New understanding of early breast cancer development
Mammary organoid cultures show the effects of BRCA2 mutations on breast tissue cells, increasing the likelihood of early, targeted treatment.
Organoids are tiny clumps of cells that are grown from and resemble tiny 3D organs. The image above shows breast cancer organoids, derived from human patients. Breast cancer cells are labeled in purple, DNA is labeled in blue, and cytoskeleton proteins are labeled yellow. Organoids provide a more natural setting than flat tissue culture dishes to study how cancer cells grow, develop, and can be treated [Credit: Sonam Bhatia/Spector lab/CSHL, 2022}.
Researchers have made crucial insights into the effects of BRCA2 mutations on breast tissue cells which explain early breast cancer development in people with BRCA2 mutations. The study was led by Professor Ashok Venkitaraman, Director of the Cancer Science Institute of Singapore (CSI Singapore) at the National University of Singapore and Dr Mona Shehata from the University of Cambridge (UK).
For people with BRCA2 mutations breast cancer is a serious concern, with approximately 70 percent of carriers developing the disease by 80 years of age. Although BRCA2’s role in DNA repair and as a tumour suppressor in protecting the cells against DNA replication stress are well known, there is lots to be discovered about the pathways leading to breast cancer development in BRCA2 mutation carriers.
Dr Venkitaraman said: “Despite the high risk faced by BRCA2 mutation carriers in developing breast cancer, there is still a critical lack of understanding of how these mutations impact the various cell types in the mammary glands. Our study aims to unravel the earliest event preceding the formation of cancer within the breast tissue microenvironment to better design early intervention strategies.”
An investigation using long-term mammary organoid cultures showed that healthy mammary glands are not predisposed to form lesions that precede tumours. However, if, during DNA replication, they are exposed to stress, the population of hormone receptor-negative (HR-) luminal cells significantly expanded. The expansion was particularly robust among the mammary gland organoids with BRCA2 mutations.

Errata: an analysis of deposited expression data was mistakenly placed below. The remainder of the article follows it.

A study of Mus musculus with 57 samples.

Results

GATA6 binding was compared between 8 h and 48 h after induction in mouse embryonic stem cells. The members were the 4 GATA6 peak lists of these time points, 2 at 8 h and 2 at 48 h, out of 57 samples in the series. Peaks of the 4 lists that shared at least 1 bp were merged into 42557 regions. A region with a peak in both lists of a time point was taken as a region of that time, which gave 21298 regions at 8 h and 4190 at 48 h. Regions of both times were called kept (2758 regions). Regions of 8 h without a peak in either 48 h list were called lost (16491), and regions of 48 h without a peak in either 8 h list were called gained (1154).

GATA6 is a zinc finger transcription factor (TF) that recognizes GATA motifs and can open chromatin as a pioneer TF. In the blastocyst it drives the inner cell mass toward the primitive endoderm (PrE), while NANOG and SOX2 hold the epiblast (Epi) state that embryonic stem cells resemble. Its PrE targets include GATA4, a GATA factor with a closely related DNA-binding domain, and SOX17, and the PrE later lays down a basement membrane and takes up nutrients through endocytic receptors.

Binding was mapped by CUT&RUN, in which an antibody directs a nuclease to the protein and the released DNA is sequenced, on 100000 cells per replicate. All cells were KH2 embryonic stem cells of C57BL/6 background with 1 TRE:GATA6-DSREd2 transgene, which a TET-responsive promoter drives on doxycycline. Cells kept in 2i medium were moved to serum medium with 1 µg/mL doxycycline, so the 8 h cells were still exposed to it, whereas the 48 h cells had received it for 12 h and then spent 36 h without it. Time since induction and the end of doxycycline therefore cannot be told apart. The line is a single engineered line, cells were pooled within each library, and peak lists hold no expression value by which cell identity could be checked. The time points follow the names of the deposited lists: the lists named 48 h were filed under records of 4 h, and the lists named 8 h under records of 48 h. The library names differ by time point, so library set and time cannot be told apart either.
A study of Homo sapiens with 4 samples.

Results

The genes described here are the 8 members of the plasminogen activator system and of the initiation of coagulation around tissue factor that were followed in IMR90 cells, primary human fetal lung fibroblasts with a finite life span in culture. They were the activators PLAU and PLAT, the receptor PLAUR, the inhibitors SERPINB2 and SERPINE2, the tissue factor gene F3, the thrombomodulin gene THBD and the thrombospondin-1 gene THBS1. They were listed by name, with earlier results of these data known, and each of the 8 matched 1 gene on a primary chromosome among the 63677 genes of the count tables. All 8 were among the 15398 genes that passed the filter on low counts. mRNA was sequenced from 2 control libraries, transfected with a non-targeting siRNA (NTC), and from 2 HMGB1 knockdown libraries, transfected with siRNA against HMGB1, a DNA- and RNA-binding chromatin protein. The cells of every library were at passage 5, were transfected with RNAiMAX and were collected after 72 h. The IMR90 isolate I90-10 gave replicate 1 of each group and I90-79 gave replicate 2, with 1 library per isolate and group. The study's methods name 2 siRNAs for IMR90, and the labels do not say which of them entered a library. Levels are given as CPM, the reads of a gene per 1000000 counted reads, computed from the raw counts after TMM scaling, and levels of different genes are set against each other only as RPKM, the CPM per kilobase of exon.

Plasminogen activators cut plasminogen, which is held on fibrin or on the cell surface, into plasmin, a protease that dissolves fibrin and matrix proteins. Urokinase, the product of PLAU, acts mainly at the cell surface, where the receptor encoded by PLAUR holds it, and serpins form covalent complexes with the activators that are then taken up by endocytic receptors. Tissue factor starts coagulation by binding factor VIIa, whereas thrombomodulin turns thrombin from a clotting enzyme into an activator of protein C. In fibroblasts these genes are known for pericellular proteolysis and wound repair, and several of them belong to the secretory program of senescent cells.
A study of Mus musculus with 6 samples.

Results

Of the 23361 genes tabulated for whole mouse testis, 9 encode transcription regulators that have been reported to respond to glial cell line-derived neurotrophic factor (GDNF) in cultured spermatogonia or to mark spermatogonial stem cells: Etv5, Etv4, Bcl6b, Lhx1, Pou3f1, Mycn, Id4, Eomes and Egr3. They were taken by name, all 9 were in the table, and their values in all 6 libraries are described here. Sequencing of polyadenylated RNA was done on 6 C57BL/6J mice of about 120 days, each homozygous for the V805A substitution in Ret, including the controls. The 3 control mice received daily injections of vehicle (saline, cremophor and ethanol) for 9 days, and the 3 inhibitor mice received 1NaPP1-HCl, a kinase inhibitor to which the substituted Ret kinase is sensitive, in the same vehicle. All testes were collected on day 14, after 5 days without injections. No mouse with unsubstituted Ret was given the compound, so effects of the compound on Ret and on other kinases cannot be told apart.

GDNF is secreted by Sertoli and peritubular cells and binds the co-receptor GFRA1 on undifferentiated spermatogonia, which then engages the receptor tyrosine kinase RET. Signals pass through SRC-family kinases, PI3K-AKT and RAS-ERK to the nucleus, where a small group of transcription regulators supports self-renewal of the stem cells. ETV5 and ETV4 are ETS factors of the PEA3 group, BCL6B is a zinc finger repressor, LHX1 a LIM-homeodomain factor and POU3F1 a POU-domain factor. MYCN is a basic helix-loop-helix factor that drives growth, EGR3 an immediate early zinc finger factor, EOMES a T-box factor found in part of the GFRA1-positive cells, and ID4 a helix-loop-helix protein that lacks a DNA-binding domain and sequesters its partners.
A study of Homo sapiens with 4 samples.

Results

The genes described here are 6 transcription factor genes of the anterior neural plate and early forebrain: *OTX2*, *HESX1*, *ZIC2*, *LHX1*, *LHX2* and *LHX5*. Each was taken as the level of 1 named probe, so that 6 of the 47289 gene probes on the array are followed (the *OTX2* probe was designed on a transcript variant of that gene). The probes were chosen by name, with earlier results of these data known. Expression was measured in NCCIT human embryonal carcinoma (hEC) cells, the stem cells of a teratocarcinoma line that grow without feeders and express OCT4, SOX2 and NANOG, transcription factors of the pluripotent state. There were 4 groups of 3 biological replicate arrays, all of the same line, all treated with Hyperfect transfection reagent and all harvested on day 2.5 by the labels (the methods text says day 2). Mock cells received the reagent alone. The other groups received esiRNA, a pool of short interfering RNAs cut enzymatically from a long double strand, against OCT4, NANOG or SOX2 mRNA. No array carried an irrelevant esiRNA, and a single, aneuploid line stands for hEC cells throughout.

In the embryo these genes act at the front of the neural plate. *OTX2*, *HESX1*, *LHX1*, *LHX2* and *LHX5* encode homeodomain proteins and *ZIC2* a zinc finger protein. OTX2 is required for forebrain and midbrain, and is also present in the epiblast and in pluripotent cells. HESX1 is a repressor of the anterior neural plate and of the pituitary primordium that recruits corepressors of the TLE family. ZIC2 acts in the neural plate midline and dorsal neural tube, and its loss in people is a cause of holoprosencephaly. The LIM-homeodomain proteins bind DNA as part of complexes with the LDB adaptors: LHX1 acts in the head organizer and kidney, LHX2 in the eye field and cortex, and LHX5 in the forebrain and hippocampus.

The team also discovered that HR- luminal cells with BRCA2 mutation demonstrated enhanced organoid formation and survival under replication stress. Further analysis at the single-cell RNA-sequencing level found elevated stemness markers and Type I interferon responses in these cells, which favours the growth of HR- luminal cells. HR- luminal BRCA2-mutant cells also became more susceptible to tumour formation only after multiple stresses, suggesting that distinct mechanisms direct the transformation of HR- and HR+ tumours, specifically in BRCA2 mutation carriers.
It is vital to understand the mechanisms that drive early cancer development in order to classify breast cancers into their distinct subtypes, like triple-negative breast cancers, and hormone positive and HER2 positive breast cancers, so that targeted, early treatment can be given to achieve positive outcomes.
The researchers aim to further validate this study’s findings in mammary glands from preventive mastectomy cases among BRCA2 carriers. This will improve the evidence to design early intervention strategies, providing guidance to clinicians caring for individuals with BRCA2 mutations.
This study was published in Nature Communications.